Trinity A.M.E. Zion Church, Binghamton

telethons

cropped-Roger.singing.TrinityAMEZ.BNG_.jpg
O Come, All Ye Faithful. December 1959

For my request to  Ask Roger Anything, Carla, my friend from the high school choir asks:

Write more about your early memories of your church and school and your family!! I love those stories.

My, that’s tough. There are SO many tales. OK. I was baptized at my church, Trinity A.M.E. Zion Church in downtown Binghamton, NY in August 1953. No, I don’t remember this.

But my church moved when I was a kid to the corner of Oak and Lydia Streets. I took a search on Newspapers.com. “Bishop Walls…senior bishop of the African Methodist Episcopal Church, will rededicate the former Plymouth Methodist Church as the new church edifice of Trinity.” This was in a story in the 8 June 1957 edition of the Binghamton Press. I vaguely remember him. 

It’s fascinating the detail given not just in this story, but all of the religious goings-on in the area. “The present Trinity Church at 35 Sherman Place recently was purchased by St. Mary’s Assumption Church as part of a site as a planned recreational center.”

Ultimately, Columbus Park was built on that site, right across the street from the Interracial Center at 45 Carroll St, where my father Les would often volunteer. Not incidentally, the park has been informally renamed for Assata Shakur.

One-tenth of a mile

The new church location was two really short blocks from our house at 5 Gaines Street. And we’d cut through the parking lot at Gaines and Oak, making the trip even faster. So we really were at church all of the time. I participated in the children’s choir, directed by Fred Goodall, who seemed to be there forever.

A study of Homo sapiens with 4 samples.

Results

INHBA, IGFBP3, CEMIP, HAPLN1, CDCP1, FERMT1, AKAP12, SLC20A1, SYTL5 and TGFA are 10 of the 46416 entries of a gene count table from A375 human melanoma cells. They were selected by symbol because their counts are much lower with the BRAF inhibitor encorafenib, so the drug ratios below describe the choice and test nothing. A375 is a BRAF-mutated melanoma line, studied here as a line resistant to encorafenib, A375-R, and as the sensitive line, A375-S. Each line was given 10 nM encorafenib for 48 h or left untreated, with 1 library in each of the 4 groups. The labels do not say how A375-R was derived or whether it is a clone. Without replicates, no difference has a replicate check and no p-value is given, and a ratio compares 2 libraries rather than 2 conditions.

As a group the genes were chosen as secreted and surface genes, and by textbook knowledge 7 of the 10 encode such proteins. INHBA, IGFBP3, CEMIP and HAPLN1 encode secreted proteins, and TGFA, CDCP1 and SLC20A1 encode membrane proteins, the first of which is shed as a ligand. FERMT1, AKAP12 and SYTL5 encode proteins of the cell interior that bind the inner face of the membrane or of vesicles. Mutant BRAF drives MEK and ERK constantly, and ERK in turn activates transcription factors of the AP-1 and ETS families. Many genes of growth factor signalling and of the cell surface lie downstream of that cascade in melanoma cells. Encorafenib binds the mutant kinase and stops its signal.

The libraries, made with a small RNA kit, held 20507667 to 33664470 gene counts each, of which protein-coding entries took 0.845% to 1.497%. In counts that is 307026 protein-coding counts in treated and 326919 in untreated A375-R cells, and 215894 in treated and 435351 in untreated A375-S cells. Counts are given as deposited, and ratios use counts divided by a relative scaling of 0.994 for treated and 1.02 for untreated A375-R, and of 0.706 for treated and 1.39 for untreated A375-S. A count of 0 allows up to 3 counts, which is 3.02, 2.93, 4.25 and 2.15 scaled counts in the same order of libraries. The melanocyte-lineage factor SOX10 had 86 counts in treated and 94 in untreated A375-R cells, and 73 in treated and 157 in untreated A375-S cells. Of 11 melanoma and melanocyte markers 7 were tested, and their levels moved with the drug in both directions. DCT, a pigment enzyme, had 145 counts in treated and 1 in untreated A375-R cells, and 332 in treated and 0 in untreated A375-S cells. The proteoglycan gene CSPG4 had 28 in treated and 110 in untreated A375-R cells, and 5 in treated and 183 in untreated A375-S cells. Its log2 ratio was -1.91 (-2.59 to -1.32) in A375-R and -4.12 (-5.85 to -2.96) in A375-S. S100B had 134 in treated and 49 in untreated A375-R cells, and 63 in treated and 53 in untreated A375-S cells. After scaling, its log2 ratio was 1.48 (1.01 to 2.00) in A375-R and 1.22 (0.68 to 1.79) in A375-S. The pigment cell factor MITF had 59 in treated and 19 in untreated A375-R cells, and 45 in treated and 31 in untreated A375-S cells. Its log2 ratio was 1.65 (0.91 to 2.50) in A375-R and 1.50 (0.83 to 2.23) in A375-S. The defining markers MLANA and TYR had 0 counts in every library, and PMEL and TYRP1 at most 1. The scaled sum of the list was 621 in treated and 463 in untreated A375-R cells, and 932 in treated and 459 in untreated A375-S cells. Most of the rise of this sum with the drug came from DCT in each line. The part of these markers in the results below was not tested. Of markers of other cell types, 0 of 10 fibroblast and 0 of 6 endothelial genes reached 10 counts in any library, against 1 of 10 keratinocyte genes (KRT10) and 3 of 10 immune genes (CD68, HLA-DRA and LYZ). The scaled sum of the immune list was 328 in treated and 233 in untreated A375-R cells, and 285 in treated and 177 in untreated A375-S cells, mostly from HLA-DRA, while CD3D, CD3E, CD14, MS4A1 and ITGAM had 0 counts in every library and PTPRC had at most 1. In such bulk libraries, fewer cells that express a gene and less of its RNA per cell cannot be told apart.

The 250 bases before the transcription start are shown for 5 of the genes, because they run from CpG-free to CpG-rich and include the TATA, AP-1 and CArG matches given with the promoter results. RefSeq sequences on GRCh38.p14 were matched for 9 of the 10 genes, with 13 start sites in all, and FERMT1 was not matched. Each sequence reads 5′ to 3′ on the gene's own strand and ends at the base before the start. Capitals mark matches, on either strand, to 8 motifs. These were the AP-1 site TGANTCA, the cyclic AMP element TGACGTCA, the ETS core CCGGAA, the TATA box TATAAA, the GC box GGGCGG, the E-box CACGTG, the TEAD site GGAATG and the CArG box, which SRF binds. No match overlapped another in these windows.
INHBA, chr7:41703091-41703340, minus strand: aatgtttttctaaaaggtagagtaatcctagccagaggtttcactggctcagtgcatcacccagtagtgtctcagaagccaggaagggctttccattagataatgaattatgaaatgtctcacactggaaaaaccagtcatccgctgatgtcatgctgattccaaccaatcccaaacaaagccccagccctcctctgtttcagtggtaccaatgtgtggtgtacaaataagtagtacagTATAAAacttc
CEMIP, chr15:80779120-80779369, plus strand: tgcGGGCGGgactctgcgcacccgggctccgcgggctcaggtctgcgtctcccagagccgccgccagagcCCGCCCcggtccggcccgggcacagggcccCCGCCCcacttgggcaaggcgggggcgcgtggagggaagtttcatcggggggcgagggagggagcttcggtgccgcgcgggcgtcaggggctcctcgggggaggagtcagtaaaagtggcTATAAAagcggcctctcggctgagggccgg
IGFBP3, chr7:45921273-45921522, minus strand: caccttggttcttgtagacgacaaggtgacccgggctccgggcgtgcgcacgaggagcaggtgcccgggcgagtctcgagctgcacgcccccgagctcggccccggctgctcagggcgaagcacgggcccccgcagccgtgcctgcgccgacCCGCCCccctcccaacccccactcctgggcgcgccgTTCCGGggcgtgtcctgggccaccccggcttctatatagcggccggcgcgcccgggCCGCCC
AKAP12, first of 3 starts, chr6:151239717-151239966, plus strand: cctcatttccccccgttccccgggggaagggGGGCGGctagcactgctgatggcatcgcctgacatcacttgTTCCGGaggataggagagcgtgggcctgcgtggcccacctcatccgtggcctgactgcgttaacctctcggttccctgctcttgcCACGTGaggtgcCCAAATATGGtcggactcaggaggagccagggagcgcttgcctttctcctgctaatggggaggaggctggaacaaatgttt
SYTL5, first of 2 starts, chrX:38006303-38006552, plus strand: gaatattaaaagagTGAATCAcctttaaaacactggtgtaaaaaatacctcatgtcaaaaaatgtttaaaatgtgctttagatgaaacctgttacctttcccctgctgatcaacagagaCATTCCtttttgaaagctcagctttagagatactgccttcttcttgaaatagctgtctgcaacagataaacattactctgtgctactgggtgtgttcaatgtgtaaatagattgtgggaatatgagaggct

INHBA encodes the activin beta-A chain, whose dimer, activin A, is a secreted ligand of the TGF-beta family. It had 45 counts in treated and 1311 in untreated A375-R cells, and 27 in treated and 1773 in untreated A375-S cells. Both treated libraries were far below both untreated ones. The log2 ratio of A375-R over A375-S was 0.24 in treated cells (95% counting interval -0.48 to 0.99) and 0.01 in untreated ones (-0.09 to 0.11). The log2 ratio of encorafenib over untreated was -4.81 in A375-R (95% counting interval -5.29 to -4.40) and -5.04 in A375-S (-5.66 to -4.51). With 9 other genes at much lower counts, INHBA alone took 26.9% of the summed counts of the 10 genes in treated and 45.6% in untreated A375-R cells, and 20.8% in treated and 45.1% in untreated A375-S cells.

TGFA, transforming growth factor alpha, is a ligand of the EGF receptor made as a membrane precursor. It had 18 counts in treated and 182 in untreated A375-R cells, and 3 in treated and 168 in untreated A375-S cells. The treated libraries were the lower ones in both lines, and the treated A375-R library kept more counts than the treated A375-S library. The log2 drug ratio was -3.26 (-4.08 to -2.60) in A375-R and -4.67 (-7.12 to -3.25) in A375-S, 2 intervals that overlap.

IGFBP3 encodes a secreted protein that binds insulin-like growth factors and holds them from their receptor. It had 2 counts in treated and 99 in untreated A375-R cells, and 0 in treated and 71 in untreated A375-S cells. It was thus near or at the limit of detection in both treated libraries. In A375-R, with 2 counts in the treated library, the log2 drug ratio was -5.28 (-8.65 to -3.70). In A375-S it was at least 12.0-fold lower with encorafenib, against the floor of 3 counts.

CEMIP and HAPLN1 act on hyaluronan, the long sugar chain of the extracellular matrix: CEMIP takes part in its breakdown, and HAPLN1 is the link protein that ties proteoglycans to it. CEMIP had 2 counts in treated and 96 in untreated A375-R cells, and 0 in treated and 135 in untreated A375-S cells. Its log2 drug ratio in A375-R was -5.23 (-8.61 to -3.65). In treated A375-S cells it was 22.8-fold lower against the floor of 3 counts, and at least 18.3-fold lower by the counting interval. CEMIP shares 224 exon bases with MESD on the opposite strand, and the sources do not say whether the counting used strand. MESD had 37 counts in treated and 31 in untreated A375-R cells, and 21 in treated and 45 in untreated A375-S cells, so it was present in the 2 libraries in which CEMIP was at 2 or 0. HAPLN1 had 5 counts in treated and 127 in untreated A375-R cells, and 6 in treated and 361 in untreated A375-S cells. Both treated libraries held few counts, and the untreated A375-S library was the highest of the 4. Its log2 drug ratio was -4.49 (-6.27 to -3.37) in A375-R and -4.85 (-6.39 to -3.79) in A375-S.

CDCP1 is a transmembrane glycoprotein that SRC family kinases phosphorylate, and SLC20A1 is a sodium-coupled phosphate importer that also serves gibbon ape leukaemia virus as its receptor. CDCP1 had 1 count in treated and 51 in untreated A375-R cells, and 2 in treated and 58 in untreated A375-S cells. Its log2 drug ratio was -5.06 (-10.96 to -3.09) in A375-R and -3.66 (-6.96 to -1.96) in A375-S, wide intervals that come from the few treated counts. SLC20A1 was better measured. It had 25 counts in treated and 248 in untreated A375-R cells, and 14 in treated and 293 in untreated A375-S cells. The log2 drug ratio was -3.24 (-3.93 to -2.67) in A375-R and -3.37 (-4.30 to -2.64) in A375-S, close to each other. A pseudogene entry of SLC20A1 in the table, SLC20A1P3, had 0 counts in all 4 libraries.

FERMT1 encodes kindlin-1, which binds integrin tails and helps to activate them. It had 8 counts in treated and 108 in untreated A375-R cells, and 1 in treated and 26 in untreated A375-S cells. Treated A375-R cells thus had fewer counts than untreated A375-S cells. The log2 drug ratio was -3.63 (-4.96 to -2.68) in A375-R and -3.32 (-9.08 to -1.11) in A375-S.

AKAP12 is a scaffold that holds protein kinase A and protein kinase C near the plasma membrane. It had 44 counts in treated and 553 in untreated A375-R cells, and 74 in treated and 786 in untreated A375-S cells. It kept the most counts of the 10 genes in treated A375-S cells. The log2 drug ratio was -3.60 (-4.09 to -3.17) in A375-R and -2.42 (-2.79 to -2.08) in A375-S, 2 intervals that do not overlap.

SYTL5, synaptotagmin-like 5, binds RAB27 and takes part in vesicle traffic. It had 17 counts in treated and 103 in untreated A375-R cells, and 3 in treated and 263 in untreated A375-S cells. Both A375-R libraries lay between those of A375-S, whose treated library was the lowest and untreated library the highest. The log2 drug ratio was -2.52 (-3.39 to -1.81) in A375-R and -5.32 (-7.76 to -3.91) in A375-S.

WNBF-TV, Channel 12 (now WBNG) used to have telethons. It was either the Jerry Lewis Muscular Dystrophy Telethon on Labor Day weekend or the March of Dimes or maybe both. In any case, our choir appeared on the station more than once. In fact, between those appearances and being on the kids’ shows, I was on local TV at least a half dozen times.

My paternal grandmother Agatha – emphasis on the second syllable, not the first – was my Sunday school teacher. She and her husband McKinley also lived upstairs from us at 5 Gaines Street. So I saw her a lot, often playing canasta at her kitchen table, until she died in May 1964. She was the first person I knew and loved who passed away.

My father Les would run off the bulletin on that mimeograph machine. I can still recollect in my mind’s nostrils that specific smell. Besides singing in the senior choir, dad also began directing the youth choir he dubbed the MAZET singers, based on the initials of the church, It included the organist’s younger daughter Lauren, my cousin Debra, my sister Leslie, and me. I recollect that we were pretty good.

OK, Carla, maybe I’ll try this again sometime.